On the tube to Leicester Square I had decided I was in love with Sally Mann's work, definitely wanted to become a photographer and would most certainly hunt down some old cameras in the local charity shops when I got home.
Then we popped into the National Portrait for an hour and I was completely confused all over again… identity crisis much?
I've found there's definitely a flaw in doing a Fine Art course when you're indecisive and fickle, mix that with a fierce competitive streak and you end up with me: wanting to do anything and everything and be better than everyone else. Impossible and incredibly confusing.
Anyway moving on swiftly…
The best portraits entered into the BP Portrait award are on show at the NPG until the 19th September for freeeee!
They're mostly Realism and some Hyper-realist really, but the poses and subjects are all very varied and each is shown with a little plaque explaining the reasons for the painting which I think always helps you to appreciate the piece that little bit extra.
The standard is pretty spectacular and it's hard to understand how some of these people haven't been exhibited before (I googled a LOT of them). I mean, I have a thing I do when looking at portraits and I'm sure most painters do it – you stare at the piece until you can see it as a group of brush-marks rather than an image. However a couple of these I got about an inch away (much to most of the general public's irritation) and still it looked like a photograph… now that's impressive.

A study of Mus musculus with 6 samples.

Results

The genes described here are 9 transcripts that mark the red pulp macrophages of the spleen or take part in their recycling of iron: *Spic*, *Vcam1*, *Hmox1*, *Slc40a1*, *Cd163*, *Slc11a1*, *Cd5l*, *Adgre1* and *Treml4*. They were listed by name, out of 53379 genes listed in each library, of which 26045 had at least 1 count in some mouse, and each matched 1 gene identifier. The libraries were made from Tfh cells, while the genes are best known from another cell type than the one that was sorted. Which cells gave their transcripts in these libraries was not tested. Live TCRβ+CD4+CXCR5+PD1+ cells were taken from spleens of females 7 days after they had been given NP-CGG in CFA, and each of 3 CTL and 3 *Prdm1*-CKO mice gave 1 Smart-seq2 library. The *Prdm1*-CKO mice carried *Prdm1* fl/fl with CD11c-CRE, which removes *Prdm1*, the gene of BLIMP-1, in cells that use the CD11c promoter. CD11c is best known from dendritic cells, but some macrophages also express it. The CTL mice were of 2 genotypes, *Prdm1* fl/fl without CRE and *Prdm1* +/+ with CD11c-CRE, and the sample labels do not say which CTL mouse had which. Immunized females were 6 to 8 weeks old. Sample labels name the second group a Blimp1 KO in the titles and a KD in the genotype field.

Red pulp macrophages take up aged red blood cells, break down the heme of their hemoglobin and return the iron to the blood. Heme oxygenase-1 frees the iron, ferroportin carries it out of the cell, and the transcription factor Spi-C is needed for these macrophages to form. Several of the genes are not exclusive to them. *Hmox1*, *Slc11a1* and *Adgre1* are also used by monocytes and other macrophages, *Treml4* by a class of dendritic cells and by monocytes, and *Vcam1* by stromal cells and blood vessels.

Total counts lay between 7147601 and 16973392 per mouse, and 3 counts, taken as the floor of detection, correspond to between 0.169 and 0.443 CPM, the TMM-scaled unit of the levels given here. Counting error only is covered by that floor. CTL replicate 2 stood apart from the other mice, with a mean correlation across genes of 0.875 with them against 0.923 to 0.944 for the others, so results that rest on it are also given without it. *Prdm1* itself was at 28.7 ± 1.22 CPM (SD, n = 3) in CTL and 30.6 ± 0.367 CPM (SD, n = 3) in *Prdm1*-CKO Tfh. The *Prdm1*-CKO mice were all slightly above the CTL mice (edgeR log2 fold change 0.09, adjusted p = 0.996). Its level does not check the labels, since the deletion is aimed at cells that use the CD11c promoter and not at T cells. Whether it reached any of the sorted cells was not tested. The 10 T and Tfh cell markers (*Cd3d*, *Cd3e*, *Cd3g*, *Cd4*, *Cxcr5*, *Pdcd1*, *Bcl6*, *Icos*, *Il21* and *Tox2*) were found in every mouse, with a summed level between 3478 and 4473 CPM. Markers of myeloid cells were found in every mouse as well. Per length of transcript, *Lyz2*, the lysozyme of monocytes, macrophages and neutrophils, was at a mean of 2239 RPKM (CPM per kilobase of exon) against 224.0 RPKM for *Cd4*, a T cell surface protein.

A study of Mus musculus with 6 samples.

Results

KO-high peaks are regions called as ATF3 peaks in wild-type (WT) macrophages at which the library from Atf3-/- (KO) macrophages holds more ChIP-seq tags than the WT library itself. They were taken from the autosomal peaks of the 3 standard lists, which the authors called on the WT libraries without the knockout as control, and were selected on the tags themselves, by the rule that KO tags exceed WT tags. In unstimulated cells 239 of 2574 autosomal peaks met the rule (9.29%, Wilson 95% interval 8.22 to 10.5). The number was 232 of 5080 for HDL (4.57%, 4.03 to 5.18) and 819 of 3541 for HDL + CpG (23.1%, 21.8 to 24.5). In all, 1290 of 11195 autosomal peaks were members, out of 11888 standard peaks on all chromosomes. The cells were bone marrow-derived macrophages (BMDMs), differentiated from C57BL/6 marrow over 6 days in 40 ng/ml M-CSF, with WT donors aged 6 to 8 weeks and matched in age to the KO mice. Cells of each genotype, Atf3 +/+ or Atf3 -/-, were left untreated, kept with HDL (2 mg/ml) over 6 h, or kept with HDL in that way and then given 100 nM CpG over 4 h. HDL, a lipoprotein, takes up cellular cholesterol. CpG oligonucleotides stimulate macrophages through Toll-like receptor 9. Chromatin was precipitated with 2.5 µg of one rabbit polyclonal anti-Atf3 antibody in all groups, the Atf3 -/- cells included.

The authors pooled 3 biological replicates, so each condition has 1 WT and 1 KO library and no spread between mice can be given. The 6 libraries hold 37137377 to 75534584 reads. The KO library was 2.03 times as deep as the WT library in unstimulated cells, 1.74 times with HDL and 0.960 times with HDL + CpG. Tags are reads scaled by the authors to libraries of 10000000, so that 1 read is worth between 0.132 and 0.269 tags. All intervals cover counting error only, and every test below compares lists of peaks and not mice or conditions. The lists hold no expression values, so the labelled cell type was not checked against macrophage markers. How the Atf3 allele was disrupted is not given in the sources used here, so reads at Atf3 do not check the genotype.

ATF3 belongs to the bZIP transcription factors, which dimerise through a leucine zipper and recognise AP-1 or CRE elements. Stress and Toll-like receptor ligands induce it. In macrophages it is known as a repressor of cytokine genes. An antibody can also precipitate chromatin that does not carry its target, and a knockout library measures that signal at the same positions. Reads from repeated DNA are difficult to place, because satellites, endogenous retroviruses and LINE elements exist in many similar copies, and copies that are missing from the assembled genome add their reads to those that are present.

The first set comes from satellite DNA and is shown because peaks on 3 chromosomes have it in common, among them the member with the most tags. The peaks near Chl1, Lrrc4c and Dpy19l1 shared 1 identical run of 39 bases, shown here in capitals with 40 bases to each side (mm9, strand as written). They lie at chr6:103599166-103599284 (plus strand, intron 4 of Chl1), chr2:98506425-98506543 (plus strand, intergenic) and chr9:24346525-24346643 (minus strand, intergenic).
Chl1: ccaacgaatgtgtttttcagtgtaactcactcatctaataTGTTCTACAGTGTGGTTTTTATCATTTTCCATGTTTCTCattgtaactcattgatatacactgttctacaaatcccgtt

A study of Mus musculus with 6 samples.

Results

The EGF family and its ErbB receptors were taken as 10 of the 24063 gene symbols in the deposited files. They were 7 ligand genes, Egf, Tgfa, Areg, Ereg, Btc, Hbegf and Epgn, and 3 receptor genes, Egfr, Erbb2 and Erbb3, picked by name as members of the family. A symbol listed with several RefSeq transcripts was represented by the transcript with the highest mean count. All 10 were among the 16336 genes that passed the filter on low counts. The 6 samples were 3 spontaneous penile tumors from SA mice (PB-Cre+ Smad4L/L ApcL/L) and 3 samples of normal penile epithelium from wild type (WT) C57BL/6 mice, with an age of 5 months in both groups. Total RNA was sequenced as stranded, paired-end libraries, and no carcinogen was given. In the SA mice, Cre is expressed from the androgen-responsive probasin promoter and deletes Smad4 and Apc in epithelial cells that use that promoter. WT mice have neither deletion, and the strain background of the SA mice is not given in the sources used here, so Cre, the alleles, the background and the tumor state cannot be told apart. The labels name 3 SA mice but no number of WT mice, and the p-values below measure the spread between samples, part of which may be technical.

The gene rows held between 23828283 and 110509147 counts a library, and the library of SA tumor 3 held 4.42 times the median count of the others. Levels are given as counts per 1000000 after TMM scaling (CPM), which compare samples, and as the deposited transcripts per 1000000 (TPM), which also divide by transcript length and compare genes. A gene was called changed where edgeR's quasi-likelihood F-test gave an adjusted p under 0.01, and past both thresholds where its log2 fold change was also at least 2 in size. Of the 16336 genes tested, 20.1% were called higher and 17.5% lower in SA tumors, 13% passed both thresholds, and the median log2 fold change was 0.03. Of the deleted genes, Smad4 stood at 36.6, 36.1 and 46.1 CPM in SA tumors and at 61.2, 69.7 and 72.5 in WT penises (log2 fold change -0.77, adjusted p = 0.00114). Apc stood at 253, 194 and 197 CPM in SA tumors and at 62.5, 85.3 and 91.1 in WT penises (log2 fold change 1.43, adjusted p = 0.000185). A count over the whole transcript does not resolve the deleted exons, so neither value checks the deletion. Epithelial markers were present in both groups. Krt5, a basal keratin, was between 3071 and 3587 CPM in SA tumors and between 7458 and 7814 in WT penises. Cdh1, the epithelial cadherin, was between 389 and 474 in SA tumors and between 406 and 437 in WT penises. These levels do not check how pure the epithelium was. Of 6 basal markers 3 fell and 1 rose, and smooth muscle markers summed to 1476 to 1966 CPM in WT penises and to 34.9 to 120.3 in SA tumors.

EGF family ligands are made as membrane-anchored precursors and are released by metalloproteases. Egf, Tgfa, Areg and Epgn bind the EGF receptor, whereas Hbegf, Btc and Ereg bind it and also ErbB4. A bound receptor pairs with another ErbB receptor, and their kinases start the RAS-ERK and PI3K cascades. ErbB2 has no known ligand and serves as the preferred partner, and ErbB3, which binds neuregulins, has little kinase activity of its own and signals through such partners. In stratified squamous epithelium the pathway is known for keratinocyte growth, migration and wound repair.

There's always a debate as to what makes the 'best' paintings: accuracy vs creativity. But with this lot you really do have to just appreciate the skill, patience and work that went into them rather than look for some kind of reason or concept. They're just beautiful pieces done well.
Here's a few of my favourites, none of them are winners but I preferred them as they're of ordinary people in pretty ordinary poses but are extraordinary works of art!
Sandy Watching by Alex Hanna (reminds me of my little brother staring blankly at the TV)…
and Sentinel by Lyndsey Jameson (amazing facial expression and the background is out of focus so it looks almost like a photograph taken on macro)…
and Dan by Mary Jane Ansell (I like the fact that she just chose to paint a very normal looking bloke, the technique itself is the beauty of it really).